Did you grow up on a steady diet of adventure movies, romantic comedies, spooky horror flicks, tear-jerking dramas and classic animated features? You’re not alone. Everyone loves movies, which is probably why so many people want to be a part of the film industry. But unfortunately, will and wishes alone won’t land you a spot behind or in front of the camera, much less in the director’s chair.
If you’re looking for tips for getting your foot in the door of the movie business, you’ve come to the right place. Actors, unfortunately, will need to search elsewhere. But aspiring screenplay scribes, directors, cinematographers, producers, set designers, lighting and tech folk can take their cues from these pointers.
Start early – very early
Look at all of the greats of yesterday and today, from Billy Wilder to Steven Spielberg to Sophia Coppola to J.J. Abrams to Joss Whedon. What these kings and queens of cinema all have in common is a love of movies. Some of them grew up in the industry, others made their earliest work with home camcorders and action figures. But all of them felt the drive from an early age to be a part of the magic of the silver screen.
Whatever you do, start early in your education. Don’t just absorb movies, study them. Make an effort to understanding editing, note how music recurs in different scenes, study the movement of theme just as much as camera, and don’t forget to read up on popular trends of today and yesterday.
Get disillusioned sooner rather than later
As much as you love film, it’s also a good idea for you to recognize out of the gate how occasionally disappointing the industry is.
Beloved film business site Indiewire compiled a list of six things you should know before making a run for a spot in film, and all of them are bitter pills. Highlights of disillusionment include: Everything is reputation, and relationships have nothing to do with actual friendship. The essential nature of film today is that everything is a gamble – like stocks, a movie pays off or it doesn’t, and your reputation depends as much, if not more, on earning money as anything else.
And perhaps Indiewire’s most important point: “You’re at the bottom of the food chain until you aren’t.” And the same can be said for the top of the food chain. The film industry is volatile, and that can work to your benefit or not, but either way, expect the transitions to come fast and furious.
Don’t think film school’s the only answer
Film school is expensive, and while you’ll probably learn a lot, most of what you’re paying for is a certificate, a note on your diploma and some contacts that will probably win you a few greator production assistant gigs. That being said, film school can be worth every penny.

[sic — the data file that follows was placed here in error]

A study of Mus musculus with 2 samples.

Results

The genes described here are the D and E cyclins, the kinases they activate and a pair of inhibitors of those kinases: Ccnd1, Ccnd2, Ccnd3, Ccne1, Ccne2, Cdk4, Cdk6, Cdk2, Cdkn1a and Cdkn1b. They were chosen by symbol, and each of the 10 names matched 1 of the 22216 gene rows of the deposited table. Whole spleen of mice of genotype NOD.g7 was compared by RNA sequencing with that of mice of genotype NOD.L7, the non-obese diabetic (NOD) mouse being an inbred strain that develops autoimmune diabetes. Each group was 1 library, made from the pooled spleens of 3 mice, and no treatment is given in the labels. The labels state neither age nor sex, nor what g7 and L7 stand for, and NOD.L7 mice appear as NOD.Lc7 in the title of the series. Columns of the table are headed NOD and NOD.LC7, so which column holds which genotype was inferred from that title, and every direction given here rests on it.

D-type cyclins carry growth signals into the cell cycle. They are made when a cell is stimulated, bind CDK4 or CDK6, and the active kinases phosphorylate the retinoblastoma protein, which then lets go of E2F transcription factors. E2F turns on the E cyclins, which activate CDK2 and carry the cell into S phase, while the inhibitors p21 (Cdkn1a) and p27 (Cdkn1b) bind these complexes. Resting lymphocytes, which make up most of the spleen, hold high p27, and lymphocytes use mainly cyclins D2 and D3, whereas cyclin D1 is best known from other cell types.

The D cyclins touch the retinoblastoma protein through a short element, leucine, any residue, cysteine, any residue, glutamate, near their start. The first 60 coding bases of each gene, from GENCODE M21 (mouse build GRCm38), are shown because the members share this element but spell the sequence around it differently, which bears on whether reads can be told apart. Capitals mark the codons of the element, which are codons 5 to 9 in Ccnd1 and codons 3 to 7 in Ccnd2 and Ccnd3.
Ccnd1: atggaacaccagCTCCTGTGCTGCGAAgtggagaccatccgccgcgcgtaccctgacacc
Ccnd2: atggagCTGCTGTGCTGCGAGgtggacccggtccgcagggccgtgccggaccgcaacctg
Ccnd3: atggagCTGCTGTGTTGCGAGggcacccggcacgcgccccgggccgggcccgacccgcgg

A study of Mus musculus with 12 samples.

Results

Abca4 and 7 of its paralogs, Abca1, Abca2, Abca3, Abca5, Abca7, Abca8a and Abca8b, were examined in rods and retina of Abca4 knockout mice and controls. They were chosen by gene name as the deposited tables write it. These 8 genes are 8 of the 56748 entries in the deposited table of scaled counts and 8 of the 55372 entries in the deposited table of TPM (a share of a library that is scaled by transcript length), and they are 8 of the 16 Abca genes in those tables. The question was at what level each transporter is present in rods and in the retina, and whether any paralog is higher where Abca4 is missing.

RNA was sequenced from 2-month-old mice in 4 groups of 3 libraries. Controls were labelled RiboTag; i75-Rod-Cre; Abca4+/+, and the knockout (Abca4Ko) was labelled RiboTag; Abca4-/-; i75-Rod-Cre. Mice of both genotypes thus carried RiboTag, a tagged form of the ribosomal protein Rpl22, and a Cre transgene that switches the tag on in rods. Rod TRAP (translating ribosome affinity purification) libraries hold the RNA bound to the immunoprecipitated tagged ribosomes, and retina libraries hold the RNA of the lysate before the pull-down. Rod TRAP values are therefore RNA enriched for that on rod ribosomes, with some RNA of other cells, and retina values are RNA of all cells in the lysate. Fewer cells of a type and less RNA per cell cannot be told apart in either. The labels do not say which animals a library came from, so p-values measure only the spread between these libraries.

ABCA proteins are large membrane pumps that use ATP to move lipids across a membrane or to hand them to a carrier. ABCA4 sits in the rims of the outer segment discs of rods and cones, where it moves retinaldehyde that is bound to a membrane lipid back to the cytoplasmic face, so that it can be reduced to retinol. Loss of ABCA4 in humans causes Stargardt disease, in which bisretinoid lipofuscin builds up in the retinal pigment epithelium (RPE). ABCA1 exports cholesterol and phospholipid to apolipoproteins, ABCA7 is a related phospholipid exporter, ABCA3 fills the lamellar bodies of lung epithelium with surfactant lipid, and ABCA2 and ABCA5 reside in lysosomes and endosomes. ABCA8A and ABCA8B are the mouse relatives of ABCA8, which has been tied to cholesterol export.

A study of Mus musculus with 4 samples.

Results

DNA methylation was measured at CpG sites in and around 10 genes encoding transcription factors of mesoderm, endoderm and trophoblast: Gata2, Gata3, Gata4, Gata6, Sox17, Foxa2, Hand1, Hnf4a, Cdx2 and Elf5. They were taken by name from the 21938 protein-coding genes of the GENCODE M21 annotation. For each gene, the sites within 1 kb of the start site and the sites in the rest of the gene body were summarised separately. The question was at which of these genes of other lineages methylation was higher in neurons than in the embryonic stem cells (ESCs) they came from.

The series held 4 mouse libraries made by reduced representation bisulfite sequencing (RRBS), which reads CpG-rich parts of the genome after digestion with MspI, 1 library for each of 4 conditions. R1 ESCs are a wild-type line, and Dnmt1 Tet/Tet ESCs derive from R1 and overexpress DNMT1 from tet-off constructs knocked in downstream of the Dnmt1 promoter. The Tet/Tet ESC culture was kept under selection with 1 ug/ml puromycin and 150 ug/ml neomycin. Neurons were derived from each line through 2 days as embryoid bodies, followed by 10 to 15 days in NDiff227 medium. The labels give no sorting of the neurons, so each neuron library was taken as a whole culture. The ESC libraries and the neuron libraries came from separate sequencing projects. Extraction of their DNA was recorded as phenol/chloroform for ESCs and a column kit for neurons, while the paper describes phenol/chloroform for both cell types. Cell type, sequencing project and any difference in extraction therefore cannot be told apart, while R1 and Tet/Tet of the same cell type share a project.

As always, weigh your options. Prestigious film programs could be worth the commitment, so check out The Hollywood Reporter’s recently updated list of the top 25 film schools in the U.S. It’s worth a look to check out the notable alumni alone.
Intern wherever, whenever – up to a point
Interning is a great way to work on your resume while an aspiring filmmaker. You’ll often get great hands-on experience, and you may get to meet famous directors, producers or screenwriters. There’ll be plenty of time spent with talented folks behind the scenes who can offer tips for your burgeoning career, too.
But, as a landmark case recently illustrated, interns often get used for little more than unpaid manual labor in the film industry. Essentially, if you’re not receiving training or education, you should be paid for your services.
Weigh the benefits of PA work
For most aspiring filmmakers, the first job they get in the industry is as a production assistant, or PA. PAs are at the bottom of the food chain on film crews for the most part, but if you’re good at your job and show initiative, you might find yourself climbing up the industry ladder without even necessarily switching positions.
Make your own movies
There’s a lot of conflicting advice about how to break into the film industry. Should you enroll in a film program or not? How important is it to move to Hollywood or Los Angeles? Is it worth potentially bankrupting yourself to take on a promising internship? These questions have no easy answers because so many film industry leaders found their way into movies via very different routes.
What almost anyone in the industry will tell you, however, is that you should be making movies in your free time. You don’t have to be sinking thousands of dollars into production. Even making a movie with your own camera – or your high school or college’s cameras and AV equipment – can be immensely rewarding.
Whatever you do, continue to produce new work, since you’ll learn more and more with each experience, whether it’s how to light a set after dark or new and exciting editing techniques. As you continue to grow as a filmmaker, you’ll also find yourself with an ever-expanding portfolio of work. Submit to film festivals, which you’ll find all over the U.S., from small, independent ones to the big events, like Sundance.
And don’t forget to use the internet, either. There’s never been a more exciting platform for sharing short films. One day it may just be your friends and family watching your latest production, but who knows what the next day will bring?